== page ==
MichiganVotes.org sends a weekly report to newspapers and TV stations around the state showing how state legislators in their service area voted on the most important or interesting bills of the past week.

Y = Yes, N = No, X = Not Voting

 

Senate Bill 971, Limit unionization of grad student research assistants: Passed 26 to 12 in the Senate
To establish that state university graduate students who work as research assistants are not considered government employees for purposes of enrolling them into a union, if their work terms do not meet an IRS "20 factor test" for employee status.

Who Voted "Yes" and Who Voted "No"

 

Senate Bill 683, Pre-fund (optional) state retiree health benefits: Passed 36 to 0 in the Senate
To appropriate $250.9 million to "pre-fund" optional post-retirement health insurance benefits the legislature has chosen to give state government retirees. Under current law, these benefits are paid each year out of regular state government revenue. Unlike pensions, the Supreme Court has ruled these are not "accrued benefits" and so may be eliminated or cut at any time; former employees who get them are still eligible for Medicare at age 65.

Who Voted "Yes" and Who Voted "No"

 

Senate Bill 929, Revise “21st Century Jobs Fund” business subsidy program: Passed 35 to 2 in the Senate
To revise the procedures by which beneficiaries of the "21st Century Jobs Fund” business subsidy program are selected, transferring authority from “independent experts” to political appointees on the Michigan Strategic Fund board. The bill would also reduce program reporting requirements; reduce the amount grant recipients can spend for "overhead;" and make other changes.

Who Voted "Yes" and Who Voted "No"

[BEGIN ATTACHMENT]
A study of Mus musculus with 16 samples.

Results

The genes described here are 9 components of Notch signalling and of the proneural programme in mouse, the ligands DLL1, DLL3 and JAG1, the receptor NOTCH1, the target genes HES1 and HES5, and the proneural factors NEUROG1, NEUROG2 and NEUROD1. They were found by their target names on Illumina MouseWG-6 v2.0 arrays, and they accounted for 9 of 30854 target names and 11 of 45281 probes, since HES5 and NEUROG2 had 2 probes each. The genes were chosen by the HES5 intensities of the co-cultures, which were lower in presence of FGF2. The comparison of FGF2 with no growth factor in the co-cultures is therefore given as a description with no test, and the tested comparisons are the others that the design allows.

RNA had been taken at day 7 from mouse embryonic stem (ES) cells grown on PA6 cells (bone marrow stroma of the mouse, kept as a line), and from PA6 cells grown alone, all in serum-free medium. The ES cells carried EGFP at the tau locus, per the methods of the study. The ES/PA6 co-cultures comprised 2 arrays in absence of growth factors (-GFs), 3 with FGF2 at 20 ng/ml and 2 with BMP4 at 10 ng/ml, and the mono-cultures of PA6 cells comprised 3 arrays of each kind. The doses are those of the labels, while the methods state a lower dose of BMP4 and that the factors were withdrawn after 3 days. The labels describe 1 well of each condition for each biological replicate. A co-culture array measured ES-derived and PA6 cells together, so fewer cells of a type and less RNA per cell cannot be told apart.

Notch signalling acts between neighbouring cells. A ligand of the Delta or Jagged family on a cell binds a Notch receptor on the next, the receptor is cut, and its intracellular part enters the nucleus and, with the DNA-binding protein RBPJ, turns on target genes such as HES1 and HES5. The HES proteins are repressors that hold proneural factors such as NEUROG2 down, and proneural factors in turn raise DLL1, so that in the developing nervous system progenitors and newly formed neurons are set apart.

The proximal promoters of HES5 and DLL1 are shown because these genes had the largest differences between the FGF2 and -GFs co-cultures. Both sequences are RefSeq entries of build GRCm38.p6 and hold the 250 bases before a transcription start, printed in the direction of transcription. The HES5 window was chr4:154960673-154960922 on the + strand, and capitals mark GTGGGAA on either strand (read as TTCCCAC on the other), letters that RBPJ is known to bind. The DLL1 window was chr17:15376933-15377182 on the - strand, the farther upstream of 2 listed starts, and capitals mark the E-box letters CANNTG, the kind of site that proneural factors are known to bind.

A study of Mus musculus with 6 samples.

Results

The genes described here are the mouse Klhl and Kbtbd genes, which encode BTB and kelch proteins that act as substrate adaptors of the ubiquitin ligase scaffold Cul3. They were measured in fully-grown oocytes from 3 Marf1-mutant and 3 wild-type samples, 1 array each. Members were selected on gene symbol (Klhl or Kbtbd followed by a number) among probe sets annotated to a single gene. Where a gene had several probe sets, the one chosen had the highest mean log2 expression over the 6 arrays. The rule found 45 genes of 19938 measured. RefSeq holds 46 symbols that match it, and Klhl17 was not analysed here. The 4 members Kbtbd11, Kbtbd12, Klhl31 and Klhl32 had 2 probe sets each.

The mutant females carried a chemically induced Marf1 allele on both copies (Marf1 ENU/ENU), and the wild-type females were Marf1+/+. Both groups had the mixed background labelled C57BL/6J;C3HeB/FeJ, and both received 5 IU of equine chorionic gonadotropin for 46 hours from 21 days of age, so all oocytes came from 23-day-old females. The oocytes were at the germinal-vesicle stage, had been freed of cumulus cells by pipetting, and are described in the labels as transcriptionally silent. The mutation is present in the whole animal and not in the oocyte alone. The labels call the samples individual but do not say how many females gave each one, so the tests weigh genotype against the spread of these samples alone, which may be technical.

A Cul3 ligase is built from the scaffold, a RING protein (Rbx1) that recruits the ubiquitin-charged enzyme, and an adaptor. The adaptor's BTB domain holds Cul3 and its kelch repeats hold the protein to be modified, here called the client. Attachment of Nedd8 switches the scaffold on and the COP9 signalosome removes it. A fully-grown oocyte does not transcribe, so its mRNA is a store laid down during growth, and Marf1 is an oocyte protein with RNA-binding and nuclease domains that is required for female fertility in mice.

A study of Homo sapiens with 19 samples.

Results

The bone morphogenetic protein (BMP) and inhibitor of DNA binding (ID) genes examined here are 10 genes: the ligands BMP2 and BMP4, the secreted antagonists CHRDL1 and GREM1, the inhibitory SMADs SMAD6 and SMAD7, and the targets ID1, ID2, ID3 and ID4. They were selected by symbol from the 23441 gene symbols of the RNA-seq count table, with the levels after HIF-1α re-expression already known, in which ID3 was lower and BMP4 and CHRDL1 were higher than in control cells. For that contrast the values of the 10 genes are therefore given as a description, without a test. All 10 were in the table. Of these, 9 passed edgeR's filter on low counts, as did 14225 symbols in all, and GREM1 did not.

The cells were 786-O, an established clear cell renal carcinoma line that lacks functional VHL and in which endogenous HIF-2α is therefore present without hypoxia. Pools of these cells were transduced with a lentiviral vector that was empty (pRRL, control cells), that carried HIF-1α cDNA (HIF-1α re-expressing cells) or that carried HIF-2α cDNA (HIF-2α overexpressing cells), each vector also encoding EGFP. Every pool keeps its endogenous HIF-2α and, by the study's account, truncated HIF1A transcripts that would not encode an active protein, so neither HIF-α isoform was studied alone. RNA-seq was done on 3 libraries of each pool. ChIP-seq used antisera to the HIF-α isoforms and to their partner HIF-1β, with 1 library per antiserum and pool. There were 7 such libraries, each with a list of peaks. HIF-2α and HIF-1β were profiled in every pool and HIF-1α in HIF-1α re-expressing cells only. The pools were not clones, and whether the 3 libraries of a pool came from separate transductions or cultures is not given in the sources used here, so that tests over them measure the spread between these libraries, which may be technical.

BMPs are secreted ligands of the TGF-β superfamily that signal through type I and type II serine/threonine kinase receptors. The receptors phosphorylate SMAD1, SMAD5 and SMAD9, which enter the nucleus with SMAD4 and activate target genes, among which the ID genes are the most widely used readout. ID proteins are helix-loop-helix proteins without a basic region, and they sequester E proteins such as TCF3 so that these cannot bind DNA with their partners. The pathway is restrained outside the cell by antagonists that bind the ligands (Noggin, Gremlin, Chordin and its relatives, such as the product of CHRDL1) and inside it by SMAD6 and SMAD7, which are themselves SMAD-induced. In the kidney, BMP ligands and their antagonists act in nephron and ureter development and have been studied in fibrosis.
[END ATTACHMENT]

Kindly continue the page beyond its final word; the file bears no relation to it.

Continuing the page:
Senate Bill 370, Bring unemployment benefits increase bill to a vote: Failed 24 to 12 in the Senate
To discharge a bill increasing state unemployment benefits from 20 weeks to 26 weeks from committee and bring it directly to the Senate floor for a vote.

Who Voted "Yes" and Who Voted "No"

 

House Bill 4445, Provide transition classes to insolvent Highland Park Schools students: Passed 23 to 13 in the Senate; Passed 63 to 45 in the House.
To appropriate $4 million to pay school districts and charter schools near the effectively-bankrupt Highland Park school district to provide classes this year to the children in that district. Highland Park reportedly spent $16,000 per student, on revenues of $14,000 per student, and can no longer meet payroll. The bill also authorizes $12.5 million for programs intended to assess kindergarten and government "early childhood education" programs; spends $4 million in federal "edu-jobs" stimulus money; and makes several smaller appropriations. Finally, it adjusts school aid distributions to reflect lower than expected local property tax revenue and other factors.

Who Voted "Yes" and Who Voted "No" in the House

Who Voted "Yes" and Who Voted "No" in the Senate

  

House Bill 5033, Ban welfare for big lottery winners: Passed 67 to 39 in the House
To explicitly authorize in statute an existing $5,000 asset cap for food stamp eligibility; and also to include money won in lottery or other gambling as part of “countable income” for purposes of determining eligibility for food stamps and other state welfare benefits.

Who Voted "Yes" and Who Voted "No"

 

Interested in a cumulative list of all weekly Roll Call Report Votes for 2012?

 

SOURCE: MichiganVotes.org, a free, non-partisan website created by the Mackinac Center for Public Policy, providing concise, non-partisan, plain-English descriptions of every bill and vote in the Michigan House and Senate. Please visit http://www.MichiganVotes.org.